COVID-19: how do Omicron symptoms compare to other variants?

First identified in South Africa on 24th November 2021, the new COVID-19 variant known as Omicron has fast become a variant of concern in the UK and worldwide. How do the symptoms of Omicron compare to other COVID-19 variants?

What COVID-19 variants are there in the UK?

Since it was identified in India in early 2021, the Delta virus variant of coronavirus (COVID-19) has become responsible for most COVID-19 infections worldwide. In the UK, Delta remains the dominant variant with the highest rate of infections. Omicron however, although only discovered in South Africa on 24th November 2021 (and declared a variant of concern by the World Health Organization two days later), appears to have a faster transmission rate.

UK Health Security Agency - Top COVID-19 variants in England

Accurate as of 10th December 2021:

  • Delta.
  • Omicron.
  • Alpha.
  • Beta.
  • Gamma.

Omicron prevalence in the UK

Accurate as of 13th December 2021:

The new COVID-19 variant Omicron has a large number of mutations, and has prompted countries around the world to impose travel bans on southern African countries as well as to reintroduce domestic restrictions.

How do Omicron symptoms compare to other variants?

The main symptoms of earlier COVID-19 variants include:


Delta, the current dominant variant in the UK, can trigger these symptoms as well as the following:

As Omicron is such a new COVID-19 variant, experts advise that there are currently not enough data to confirm any new COVID symptoms with any certainty.

With this in mind, there is some early evidence to suggest new COVID variant symptoms. Angelique Coetzee, a South African doctor who has treated patients with Omicron, records fatigue and a high pulse among 'unusual' COVID-19 symptoms. A high temperature, cough, and sore throat were symptoms recognised for other variants and were also reported for Omicron.

Are Omicron symptoms milder?

According to Professor Rodney E. Rohde, a professor of clinical laboratory science and an infectious disease specialist at Texas State University, "At this time [Dec 8, 2021], the Omicron variant is showing less severity in infected patients."

However, Rohde stresses that there is a lack of data and many influential variables to account for at this early stage: "Experts must allow for time [several weeks or more] to determine if it is more severe an infection compared to other variants.

"We also need to remember that the information coming out of South Africa is not a complete picture, since many of the reports of infection are younger individuals. In other words, we need a larger and more diverse sample set to be sure."

As of 14th December, official figures confirm one death from Omicron. The health secretary Sajid Javid reminded the public that hospitalisations and deaths lag infections by around two weeks.

The World Health Organization (WHO) also emphasises that it is not yet clear whether these new COVID-19 variant symptoms cause more severe disease compared with other variants.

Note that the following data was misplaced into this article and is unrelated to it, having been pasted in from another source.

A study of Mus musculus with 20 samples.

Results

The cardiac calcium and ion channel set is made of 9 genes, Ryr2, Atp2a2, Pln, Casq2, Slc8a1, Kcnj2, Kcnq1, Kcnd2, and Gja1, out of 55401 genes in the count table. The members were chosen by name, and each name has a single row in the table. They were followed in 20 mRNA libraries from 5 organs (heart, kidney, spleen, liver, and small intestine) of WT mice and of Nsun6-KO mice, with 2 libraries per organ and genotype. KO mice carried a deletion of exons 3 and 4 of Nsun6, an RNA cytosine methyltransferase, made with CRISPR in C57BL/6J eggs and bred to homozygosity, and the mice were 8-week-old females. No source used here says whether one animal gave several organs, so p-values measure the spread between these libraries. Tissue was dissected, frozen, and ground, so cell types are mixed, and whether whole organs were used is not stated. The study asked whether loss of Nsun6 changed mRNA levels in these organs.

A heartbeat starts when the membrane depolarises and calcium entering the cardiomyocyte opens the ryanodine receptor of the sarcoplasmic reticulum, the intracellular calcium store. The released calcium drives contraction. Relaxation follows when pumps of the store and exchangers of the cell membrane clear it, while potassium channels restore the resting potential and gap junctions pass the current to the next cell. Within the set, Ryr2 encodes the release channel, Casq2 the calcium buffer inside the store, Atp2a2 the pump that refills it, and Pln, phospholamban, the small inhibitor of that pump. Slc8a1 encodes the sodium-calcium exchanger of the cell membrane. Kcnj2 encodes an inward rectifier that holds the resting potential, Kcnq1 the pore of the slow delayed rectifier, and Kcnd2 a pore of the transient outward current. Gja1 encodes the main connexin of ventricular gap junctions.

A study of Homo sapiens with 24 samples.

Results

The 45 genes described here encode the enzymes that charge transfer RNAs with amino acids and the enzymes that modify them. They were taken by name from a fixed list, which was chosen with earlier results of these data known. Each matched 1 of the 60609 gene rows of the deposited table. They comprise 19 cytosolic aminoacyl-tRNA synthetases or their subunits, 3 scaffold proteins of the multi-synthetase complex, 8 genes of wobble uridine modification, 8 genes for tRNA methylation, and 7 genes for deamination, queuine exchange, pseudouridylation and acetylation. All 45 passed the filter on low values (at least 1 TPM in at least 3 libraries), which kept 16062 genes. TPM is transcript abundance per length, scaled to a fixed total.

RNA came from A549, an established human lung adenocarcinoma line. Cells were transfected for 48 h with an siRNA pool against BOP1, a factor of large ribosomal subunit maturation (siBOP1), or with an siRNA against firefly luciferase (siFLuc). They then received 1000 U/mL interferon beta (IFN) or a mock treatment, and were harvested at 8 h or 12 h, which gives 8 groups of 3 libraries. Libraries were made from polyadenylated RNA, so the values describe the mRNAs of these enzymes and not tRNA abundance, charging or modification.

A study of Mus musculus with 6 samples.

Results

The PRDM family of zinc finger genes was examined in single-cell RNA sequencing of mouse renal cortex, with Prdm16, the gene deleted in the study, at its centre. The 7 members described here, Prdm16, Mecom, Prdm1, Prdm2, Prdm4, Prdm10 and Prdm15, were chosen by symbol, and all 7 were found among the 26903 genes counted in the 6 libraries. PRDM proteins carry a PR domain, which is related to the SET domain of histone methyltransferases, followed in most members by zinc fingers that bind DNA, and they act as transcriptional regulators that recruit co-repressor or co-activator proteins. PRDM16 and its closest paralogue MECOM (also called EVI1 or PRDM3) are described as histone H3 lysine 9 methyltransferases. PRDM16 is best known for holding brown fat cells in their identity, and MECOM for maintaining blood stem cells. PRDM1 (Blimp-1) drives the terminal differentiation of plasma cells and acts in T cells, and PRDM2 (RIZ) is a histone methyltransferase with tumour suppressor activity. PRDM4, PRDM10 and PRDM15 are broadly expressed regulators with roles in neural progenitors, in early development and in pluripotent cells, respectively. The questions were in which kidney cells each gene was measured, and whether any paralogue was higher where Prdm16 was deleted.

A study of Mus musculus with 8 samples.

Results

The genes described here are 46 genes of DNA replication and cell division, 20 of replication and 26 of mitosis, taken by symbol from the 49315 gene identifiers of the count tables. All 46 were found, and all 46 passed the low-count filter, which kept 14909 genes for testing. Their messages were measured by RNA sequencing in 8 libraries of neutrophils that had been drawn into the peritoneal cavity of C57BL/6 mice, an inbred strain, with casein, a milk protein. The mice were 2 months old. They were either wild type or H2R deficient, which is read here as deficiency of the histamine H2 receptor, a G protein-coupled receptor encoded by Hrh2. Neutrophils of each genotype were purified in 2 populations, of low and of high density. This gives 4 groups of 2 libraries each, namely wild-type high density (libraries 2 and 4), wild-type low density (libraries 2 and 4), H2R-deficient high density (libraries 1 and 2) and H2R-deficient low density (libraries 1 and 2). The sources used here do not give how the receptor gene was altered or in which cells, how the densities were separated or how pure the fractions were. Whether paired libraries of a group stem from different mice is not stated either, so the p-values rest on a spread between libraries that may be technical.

Professor Shabir Madhi of the University of the Witwatersrand in Johannesburg, South Africa, pointed out in an interview with the Global Health Crisis Coordination Centre that the South African experience may be unrepresentative. In Gauteng province, the epicentre of the South African outbreak, up to 72% of the population have had previous COVID-19 infection after three earlier waves of the virus. The resultant immune response may be offering protection against severe illness.

WHO also warns that all COVID-19 variants can cause severe symptoms, illness, or death, especially for the most vulnerable groups.

Does Omicron have higher transmissibility?

"Most of the data are from South Africa and are showing that Omicron has a high degree of transmissibility," says Rohde. "But experts and scientists need more time to determine exactly how infectious it is compared to the Delta variant as well as other variants."

Again, a larger pool of data is needed to determine if Omicron does in fact spread at a faster rate. This said, data are being collected and analysed daily as cases rise in the UK and this picture is quickly forming.

According to the latest UK Health Security Agency (UKHSA) report on 13th December 2021, if Omicron continues to grow at the present rate it is predicted to become the dominant variant in the UK within weeks or possibly days. The UKHSA estimates that over one million people will be infected in the UK by the end of the year.

How can the COVID-19 Omicron variant be prevented, diagnosed and treated?

At present, official UK public health advice remains the same for all current COVID-19 variants. The headlines for prevention advice are as follows:

Do PCR tests work for the COVID-19 Omicron variant?

WHO advises that PCR tests continue to detect all COVID-19 infections, including the Omicron variant. However, research is currently underway to determine if this new variant has any impact on other types of tests, including rapid antigen detection tests.

Does vaccination offer protection against the COVID-19 Omicron variant?

Early evidence suggests that Omicron may compromise, but not completely eliminate, immunity protection through vaccination. These initial laboratory studies from South Africa, Germany and Sweden are preliminary and more evidence is needed.

A UK Health Security Agency report suggests that booster vaccination offers up to 75% protection against symptomatic infection with the Omicron variant. It is hoped that protection against more severe infection provided by booster doses will be even higher.